Friday, October 10, 2008

More New South

Thanks to those of you (especially Chris) who had things to say about the South.  To the left is some data that gets at the point I'm trying to make.  You have a graph of per capita personal income growth relative to 1948--so this is measuring post-WWII regional disparities in growth.  The Southern states appear to be moving in unison faster than the other plotted "blue" states like California and Illinois.   

Obviously, some of this is catch-up, as the South was relatively undeveloped for a while and then various changes made it economical for companies to take advantage of the income differential.  But the development literature is also clear that convergence requires meeting certain hurdles.  Going back to 1948, armed with knowledge of future trends in services, manufacturing, and agriculture, I think you'd be hard pressed to imagine the South as a leading area of growth in the country, but that's in fact what has happened.

So then the question is why did this happen.  Here is a long list of potential explanations, implicating among others a big push in infrastructure, human capital development (the Rockefeller-funded hookworm and malaria eradication projects were also useful), climate, and of course AC.  I find these explanations slightly ad hoc and they really seem to beg the question, while also better at explaining the earlier takeoff rather than the current trajectory.  My suspicion is that within a country like the U.S., state-level institutional differences explain at least some of the difference.  

And there is in fact a political explanation which largely makes my point by arguing that the breakdown of the Democrat majority after 1960 spurred economic growth.  While I emphasized Republicans, the point is really more about the changing electoral dynamics and the growing political power of people who do not have quite the entrenched economic interests as people elsewhere in the country (though if I read the paper right, the Republicans do have a larger impact on growth).  So the argument is that the South grew because it got better political leadership which prioritized high-growth policies, though of course other things were involved.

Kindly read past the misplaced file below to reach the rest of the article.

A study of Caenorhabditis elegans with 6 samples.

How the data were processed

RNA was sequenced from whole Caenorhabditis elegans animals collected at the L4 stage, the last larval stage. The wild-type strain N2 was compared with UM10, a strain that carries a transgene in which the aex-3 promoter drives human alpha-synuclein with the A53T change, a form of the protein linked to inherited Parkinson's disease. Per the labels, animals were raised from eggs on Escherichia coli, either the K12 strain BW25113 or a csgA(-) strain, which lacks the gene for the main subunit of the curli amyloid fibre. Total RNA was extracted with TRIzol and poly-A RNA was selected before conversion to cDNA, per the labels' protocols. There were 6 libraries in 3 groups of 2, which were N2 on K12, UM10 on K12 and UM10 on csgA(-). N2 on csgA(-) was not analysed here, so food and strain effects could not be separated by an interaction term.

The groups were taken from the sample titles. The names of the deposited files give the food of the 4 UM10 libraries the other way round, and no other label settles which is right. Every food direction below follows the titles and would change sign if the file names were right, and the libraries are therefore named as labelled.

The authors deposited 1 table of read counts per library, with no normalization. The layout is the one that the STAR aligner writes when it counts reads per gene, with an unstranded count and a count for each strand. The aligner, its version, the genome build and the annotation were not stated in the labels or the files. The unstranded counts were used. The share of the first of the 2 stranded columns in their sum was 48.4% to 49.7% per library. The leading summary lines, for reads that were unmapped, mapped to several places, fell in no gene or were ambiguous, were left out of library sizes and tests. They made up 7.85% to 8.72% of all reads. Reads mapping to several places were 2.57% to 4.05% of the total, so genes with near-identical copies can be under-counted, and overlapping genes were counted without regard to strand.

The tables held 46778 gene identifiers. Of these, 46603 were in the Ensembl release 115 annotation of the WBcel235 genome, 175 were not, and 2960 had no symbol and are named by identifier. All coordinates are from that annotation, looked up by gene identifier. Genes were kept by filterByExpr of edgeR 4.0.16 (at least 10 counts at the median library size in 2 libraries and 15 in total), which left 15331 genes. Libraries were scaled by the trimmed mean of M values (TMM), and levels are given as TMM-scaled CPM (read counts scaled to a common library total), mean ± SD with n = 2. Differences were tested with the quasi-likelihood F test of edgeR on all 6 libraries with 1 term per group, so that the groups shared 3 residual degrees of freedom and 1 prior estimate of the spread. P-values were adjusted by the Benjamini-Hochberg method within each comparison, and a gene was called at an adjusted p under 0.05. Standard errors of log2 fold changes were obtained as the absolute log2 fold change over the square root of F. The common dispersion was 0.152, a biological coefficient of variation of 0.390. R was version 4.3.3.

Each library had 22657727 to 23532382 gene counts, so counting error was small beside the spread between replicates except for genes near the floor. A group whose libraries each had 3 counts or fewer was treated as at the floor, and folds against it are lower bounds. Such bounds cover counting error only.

If you look at the right of the graph, you'll see that the growth gap appears large and growing (though blue states remain richer).  These are very partisan viewpoints, but they argue fairly convincingly that Southern states are doing well and Blue/Rust Belt states are not doing so well.  In some sense it's no surprise that the Chicago politician sees a bad economic climate and the Arizona senator sees good fundamentals.  Of course assigning causality is hard, but it's much easier on a state level--where governors can get legislation passed and attract businesses--than on a national level, where all one really has to do is not make too many mistakes and hope you get lucky.  

If you really believe these results, they point to a radically different American regional differentials.  This New Yorker article is an interesting view on Rust Belt/Appalachia and their future prospects.  They really don't look great, and I somehow doubt that Presidential politics--which was the focus of the piece--is really going to change that.  Of course, there are really two issues here.  One is the increasing regulatory and business advantage certain states hold, and the other is the continued breakdown of the American family.  The second is a lot more important--I know of no community in this country that doesn't prioritize stable families, education, and hard work that isn't doing pretty well for themselves--but the first is much more open to political change.  But again that comes from the grassroots, and the South was lucky in that it lacked the unions and pork and could jump ahead to the jucier bits of development.  It's hard to imagine this happening in many struggling states and cities, which seem to face single-party dominance and not much of a constitutency for change (more of the same?).  

The overall situation here seems to be a global trend, in which the world as a whole converges with substantial hetergeneity on political and cultural grounds.  India is a good comparison as a pluralist democracy with substantial political devolution of powers to states.  And you see the better run states getting better while other struggle.  Freer markets seem to accelerate this process; amplifying the gains while making it harder to deny people their rationalizable worth.  Many people see a "race to the bottom" but optimistically, the incentives are there for everyone to govern and produce better.